The very old donkey, and other tales of Greek islands

There are two harbors in Rhodes: the commercial harbour (where you can easily walk on and off the ship) and Mandriki Harbor, which is where the Colossus of Rhodes, one of the seven wonders of the ancient world, once stood. In case it was not clear from my last post, I recommend Rhodes. If you want history, there is St. Paul’s Gate and the Square of the Hebrew Martyrs; if you want gelato, I had the best frozen yogurt of my life, with honey and nuts. If you want to be out on a boat, really feeling the waves and the cool sea breeze, 6 euros will get you a glass-bottomed boat tour (ignore the glass bottom) and half an hour around the harbors, with views of the best-preserved inhabited medieval city. Our boat guy was playing Bob Marley the whole time and rolling a cigarette; we half wondered if it was a spliff and he’d be passing it around!

Our next island was Santorini—named after St. Irene by the Italians, but called Thira by the Greeks. A funny thing happened waiting for the cable car at the top: we befriended a couple from Tasmania and, by the time we reached the harbor a couple of minutes later, we were invited to their pub at the end of the Sydney–Hobart boat race (a future post, perhaps?) The friendliness of people on this trip, in fact, is unrivaled in my recent experience; I lost track of all the places in Canada and the U.S.A. folks came from, but one woman had been, like me, a Paralympics volunteer—sledge hockey, Vancouver 2010 Winter Games.

Pointed across the Sea of Crete at Santorini, it occurred to me that every day I saw something more beautiful than the day before. Took a “pirate boat” to two uninhabited volcanic islands in the middle of the submerged caldera (collapsed volcano). We hiked the first, Nea Kameni, seeing the smoking sulfur holes and feeling the heat within. Then we sailed to Palia (Old) Kameni, where I had to fulfil a bet I’d made. I’d been working out, you see (delighted when some big man left a weight machine and I didn’t have to adjust the weight), and said that if T. came to the gym I would jump into the sea. So, at Palia Kameni I jumped off the boat and swam to the thermal springs area.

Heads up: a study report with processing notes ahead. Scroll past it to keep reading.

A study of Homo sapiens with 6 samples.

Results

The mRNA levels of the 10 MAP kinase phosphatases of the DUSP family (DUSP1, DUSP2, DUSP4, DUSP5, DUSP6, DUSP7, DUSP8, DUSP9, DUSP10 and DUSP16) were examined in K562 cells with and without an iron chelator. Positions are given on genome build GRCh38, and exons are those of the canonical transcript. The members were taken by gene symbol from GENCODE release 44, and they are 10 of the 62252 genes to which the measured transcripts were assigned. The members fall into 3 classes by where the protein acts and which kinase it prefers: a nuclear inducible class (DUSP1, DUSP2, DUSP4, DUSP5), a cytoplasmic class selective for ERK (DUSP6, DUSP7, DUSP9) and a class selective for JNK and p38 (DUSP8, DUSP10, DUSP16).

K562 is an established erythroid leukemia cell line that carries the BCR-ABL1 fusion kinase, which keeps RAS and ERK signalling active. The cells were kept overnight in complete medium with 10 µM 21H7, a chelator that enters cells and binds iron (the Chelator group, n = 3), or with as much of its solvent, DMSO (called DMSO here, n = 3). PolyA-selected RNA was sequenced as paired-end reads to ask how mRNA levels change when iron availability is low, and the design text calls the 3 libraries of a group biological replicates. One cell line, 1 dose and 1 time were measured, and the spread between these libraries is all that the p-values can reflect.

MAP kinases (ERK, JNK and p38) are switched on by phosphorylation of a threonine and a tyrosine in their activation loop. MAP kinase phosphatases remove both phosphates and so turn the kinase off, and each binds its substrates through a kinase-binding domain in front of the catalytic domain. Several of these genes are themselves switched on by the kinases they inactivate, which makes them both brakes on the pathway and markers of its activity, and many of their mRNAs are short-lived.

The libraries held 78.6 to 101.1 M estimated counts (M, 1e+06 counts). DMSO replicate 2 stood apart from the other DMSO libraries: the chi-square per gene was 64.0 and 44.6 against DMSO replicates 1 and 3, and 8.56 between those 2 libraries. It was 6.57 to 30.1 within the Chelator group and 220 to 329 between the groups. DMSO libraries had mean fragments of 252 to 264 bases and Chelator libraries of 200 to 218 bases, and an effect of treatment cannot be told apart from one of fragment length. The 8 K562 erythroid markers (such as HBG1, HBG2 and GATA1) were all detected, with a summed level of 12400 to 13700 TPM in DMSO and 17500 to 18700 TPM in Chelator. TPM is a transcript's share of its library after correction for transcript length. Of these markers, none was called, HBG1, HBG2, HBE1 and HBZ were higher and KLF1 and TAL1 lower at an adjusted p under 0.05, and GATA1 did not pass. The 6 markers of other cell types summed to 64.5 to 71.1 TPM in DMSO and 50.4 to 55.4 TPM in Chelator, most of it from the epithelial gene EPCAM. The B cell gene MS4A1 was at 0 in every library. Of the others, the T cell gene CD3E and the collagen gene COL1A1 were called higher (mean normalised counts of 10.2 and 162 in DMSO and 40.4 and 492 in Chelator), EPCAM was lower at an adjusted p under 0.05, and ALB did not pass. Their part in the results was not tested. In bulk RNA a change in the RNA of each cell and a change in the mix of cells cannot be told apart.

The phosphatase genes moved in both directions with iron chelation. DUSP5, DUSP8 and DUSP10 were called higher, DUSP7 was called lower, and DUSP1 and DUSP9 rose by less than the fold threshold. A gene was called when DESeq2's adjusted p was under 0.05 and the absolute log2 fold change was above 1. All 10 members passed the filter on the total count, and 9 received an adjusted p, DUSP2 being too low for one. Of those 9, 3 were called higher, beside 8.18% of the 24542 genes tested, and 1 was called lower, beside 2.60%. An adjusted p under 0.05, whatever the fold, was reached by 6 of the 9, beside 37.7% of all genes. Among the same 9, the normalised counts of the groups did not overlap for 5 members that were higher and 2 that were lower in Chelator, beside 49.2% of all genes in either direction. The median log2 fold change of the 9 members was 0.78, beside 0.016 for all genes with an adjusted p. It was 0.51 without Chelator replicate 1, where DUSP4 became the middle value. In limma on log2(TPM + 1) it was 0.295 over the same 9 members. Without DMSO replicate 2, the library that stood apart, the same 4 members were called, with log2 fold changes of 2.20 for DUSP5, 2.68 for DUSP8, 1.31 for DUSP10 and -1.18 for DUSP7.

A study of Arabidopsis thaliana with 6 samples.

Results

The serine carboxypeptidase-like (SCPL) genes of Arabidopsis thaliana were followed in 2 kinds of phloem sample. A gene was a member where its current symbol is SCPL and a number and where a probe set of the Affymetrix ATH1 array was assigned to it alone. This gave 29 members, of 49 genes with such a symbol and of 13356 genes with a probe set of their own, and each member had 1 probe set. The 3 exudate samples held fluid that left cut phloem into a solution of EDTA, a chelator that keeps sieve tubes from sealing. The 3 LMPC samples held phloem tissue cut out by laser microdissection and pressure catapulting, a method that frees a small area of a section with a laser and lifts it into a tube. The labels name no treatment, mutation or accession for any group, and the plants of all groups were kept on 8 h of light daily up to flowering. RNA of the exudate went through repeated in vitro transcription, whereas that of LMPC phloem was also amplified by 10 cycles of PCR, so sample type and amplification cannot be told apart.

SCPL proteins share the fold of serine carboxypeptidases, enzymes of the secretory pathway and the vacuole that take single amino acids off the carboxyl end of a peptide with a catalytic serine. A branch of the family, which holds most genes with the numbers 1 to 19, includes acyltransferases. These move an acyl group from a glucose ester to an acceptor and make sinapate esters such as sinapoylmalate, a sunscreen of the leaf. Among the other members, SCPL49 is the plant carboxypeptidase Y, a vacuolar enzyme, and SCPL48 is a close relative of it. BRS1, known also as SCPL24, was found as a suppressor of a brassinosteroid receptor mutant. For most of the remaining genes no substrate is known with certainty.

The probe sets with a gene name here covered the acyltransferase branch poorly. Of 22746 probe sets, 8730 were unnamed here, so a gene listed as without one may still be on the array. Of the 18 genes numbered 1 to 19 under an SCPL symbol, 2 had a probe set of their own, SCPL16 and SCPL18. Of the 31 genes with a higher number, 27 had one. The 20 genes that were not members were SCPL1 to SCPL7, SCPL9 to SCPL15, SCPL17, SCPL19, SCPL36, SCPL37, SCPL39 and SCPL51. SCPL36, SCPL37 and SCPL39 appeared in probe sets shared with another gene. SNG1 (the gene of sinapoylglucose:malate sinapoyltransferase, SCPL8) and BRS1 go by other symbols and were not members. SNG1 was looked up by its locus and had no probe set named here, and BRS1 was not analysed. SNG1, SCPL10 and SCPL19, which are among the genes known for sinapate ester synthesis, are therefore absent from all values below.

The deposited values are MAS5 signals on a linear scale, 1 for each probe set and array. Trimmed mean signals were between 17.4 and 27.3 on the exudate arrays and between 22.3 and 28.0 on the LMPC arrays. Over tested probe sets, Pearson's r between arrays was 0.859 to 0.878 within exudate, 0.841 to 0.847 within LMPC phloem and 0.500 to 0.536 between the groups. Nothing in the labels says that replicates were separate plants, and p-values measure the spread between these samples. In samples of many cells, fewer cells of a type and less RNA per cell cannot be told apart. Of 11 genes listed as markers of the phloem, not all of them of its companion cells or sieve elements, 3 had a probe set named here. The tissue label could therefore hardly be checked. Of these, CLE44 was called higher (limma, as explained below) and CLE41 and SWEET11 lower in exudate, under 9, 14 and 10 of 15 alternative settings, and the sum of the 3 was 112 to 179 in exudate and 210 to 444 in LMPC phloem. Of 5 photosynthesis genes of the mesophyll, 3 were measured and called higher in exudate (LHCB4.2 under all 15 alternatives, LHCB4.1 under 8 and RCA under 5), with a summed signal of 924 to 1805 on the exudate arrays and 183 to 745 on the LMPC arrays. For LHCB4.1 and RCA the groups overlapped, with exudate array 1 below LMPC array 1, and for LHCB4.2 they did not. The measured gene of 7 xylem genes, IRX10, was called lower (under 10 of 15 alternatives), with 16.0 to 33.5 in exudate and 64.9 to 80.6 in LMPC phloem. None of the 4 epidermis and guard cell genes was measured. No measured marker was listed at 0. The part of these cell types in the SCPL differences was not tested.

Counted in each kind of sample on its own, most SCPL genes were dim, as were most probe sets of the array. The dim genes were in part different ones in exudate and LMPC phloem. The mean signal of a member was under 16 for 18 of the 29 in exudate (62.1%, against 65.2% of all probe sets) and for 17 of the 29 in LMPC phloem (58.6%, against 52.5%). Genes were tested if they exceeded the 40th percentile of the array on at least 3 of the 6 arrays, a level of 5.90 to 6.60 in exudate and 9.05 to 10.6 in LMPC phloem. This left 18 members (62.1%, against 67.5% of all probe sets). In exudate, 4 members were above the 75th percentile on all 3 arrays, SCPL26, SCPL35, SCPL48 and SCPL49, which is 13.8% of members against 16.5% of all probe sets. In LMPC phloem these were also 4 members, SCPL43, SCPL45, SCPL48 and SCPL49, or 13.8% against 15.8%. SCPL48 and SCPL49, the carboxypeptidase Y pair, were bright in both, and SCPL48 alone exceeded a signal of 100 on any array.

Pretty much the entire journey, T. had been talking about how awful it was to ride a donkey up to the top of Santorini thirty years before. What do you suppose she wanted to do the moment we arrived at Fira? “If it’s good enough for the Holy Mother, it’s good enough for me,” T. said, and proceeded to clamber onto, she swore, the same donkey that had tried to throw her off all the way up in the 1980s! “You would have hated every minute of it!” she assured me joyfully.

I certainly recommend the clifftop town, which has truly breathtaking views, but I can testify that the cable car does just as well. And it’s much faster, so I waited at the top with a lady from West Virginia, whose granddaughters had made the donkey decision too. I saw her again…

If possible, an even more stunning view is the starry sky at night. I grew up in the country, yet have never seen stars so numerous and bright, ever.

The southern coast of Crete is as close to Libya as the northern coast is to mainland Greece. The history is sobering too: after more than two thousand years on the island, the Jewish community of Crete was finally obliterated when the last surviving Cretan Jews, some two hundred people, died on a German boat—sunk by the British. That’s war for you.

The Mediterranean was more peaceful where we were swimming, at Costa Costa Beach. I’ve never walked on such soft sand. The town, Hania on the northwest coast, has Byzantine buildings, a Venetian lighthouse, and a mosque that has been closed since the Turks were “relocated” in 1923. You can’t get away from history in this region. Even Paul had another cameo here, where, in the Acts of the Apostles, he warned his ship’s crew of the shipwreck to come on Malta.

What impressed me most about this journey was the cleanliness and friendliness of everyone, beginning from Rome. In the Mediterranean, we were treated like adults, instead of constantly being regulated. The contrast with life under the nanny state is hard to miss. We can choose to swim, dive, hike, etc. and take our own risks. Even ride an obstreperous donkey that should have long since retired.

1 comment:

Aunt Janet said...

Loved this tale of the wonderful cruise! No one could have said it better!